California Schools Are Not Paying Up

When it comes to spending, California is not doing least not for its students. According to a recent analysis, spending on a per-student basis in California's public schools is at an all-time low. And some say that things could get even worse. For a state that ranks near the bottom in per-pupil spending, that is bad news indeed.


Things have been going badly for California school funding for quite some time.

During the 2007-08 academic year, California ranked 23rd in per-student spending; recent data show that the Golden State has fallen to 46th (an Education Week survey ranked it 47th in January 2011). To put it into perspective: in the 2010-11 school year, California spent nearly $3,000 less per student than the rest of the United States.

The problem could conceivably be traced back to state legislation passed more than 30 years ago. Proposition 13, a 1978 state constitutional amendment, limited real estate tax rates and thus reduced the amount of money collected for schools through local funding. As a result, schools in California have grown increasingly dependent on state funding.

However, state budgets have been declining over the past few years in the face of the economic downturn. Since 2007, schools have fallen victim to dwindling resources. In California, more than half of school funds come from state dollars. Basically, when nearly 57% of your revenue comes from a source that has less and less to give, you're in trouble.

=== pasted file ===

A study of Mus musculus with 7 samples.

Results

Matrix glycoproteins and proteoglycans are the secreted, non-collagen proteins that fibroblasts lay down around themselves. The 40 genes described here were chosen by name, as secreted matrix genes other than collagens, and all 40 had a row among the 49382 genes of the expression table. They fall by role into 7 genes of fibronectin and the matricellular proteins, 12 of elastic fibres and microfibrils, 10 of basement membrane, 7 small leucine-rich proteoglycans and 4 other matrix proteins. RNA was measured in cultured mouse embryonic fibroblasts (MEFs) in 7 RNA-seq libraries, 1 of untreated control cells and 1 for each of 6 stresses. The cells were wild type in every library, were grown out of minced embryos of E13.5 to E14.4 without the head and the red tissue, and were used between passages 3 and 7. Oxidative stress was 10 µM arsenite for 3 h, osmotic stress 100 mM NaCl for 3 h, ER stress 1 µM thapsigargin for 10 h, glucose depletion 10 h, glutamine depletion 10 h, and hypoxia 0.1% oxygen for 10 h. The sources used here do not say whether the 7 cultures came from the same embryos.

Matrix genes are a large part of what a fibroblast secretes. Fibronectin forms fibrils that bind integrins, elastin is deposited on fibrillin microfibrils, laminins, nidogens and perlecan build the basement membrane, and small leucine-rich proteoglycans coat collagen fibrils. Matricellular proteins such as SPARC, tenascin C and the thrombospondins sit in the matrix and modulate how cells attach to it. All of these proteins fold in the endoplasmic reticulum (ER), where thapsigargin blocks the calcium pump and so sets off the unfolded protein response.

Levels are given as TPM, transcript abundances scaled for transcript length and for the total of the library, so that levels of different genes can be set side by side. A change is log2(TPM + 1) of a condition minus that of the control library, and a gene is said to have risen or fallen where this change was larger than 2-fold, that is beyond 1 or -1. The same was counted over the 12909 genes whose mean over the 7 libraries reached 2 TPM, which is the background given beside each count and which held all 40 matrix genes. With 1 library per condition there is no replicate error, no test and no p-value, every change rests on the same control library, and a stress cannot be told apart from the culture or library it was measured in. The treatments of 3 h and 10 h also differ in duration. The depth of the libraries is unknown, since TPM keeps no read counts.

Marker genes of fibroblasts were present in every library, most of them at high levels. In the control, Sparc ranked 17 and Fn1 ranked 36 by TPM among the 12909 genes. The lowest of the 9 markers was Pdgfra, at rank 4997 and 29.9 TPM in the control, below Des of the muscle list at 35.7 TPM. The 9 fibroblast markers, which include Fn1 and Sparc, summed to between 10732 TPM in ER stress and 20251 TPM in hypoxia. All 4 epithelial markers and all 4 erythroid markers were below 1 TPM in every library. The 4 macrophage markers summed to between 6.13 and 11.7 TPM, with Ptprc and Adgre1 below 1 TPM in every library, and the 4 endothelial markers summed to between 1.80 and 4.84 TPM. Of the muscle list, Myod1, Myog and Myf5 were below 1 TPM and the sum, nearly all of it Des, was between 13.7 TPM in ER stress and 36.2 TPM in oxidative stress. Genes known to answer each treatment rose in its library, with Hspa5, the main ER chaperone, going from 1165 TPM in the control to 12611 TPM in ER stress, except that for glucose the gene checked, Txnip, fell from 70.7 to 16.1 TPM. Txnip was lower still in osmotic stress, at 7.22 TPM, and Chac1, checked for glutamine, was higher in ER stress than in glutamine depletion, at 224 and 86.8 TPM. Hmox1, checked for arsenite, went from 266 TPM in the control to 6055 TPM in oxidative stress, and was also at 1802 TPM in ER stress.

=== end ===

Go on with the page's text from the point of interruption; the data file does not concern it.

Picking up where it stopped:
A System in Need of an Overhaul

The system by which funding is allocated to California schools has been called 'unconstitutional' by some districts, which have taken the matter to the courts. A similar lawsuit was recently filed by the Campaign for Quality Education, a coalition of local organizations 'committed to educational equality for all communities in California's public schools' according to its website.

The disparity among per-student spending in California school districts comes from different programs that allow more funds to go to some schools than others. As a result, schools that have similar student populations and performance results will receive vastly different funding.

Such is the case with similar Oakland and Moreno Valley Unified School Districts: Oakland spends about $3,000 more per student than Moreno Valley and also receives more in funding for special programs. In addition, Oakland gets $20 million each year from a voter-approved parcel tax.

Middle school math teacher Patricia Sanders says that one district getting more money than another gives the sense that some children are valued over others. Sanders' district, the Alameda Unified School District, is one of nine that filed the funding system lawsuit last year.

Not Getting More For Your Money

Ironically, more money does not necessarily translate into improved learning.

According to California Watch, a group of investigative journalists covering issues in areas such as education and public safety and which conducted the per-student spending analysis in the state, schools spending more sometimes have a lower Academic Performance Index (API) than schools spending much less. API is determined by, among other factors, student test scores and dropout rates.

Urban schools with larger expenses and inefficient spending are seen as two reasons why schools spending more are not producing better academic results. In some cases, funding may be going toward things that do not affect academics, such as security or maintenance.

Perhaps University of California-Berkeley professor W. Norton Grubb said it best when he wrote in his recent book, The Money Myth: 'Money may be necessary for school improvement, but it doesn't guarantee that improvement takes place.'

When you're ranked almost last in per-student spending, improvement is a luxury you may not be afforded; it's likely all you can do to simply maintain the status quo.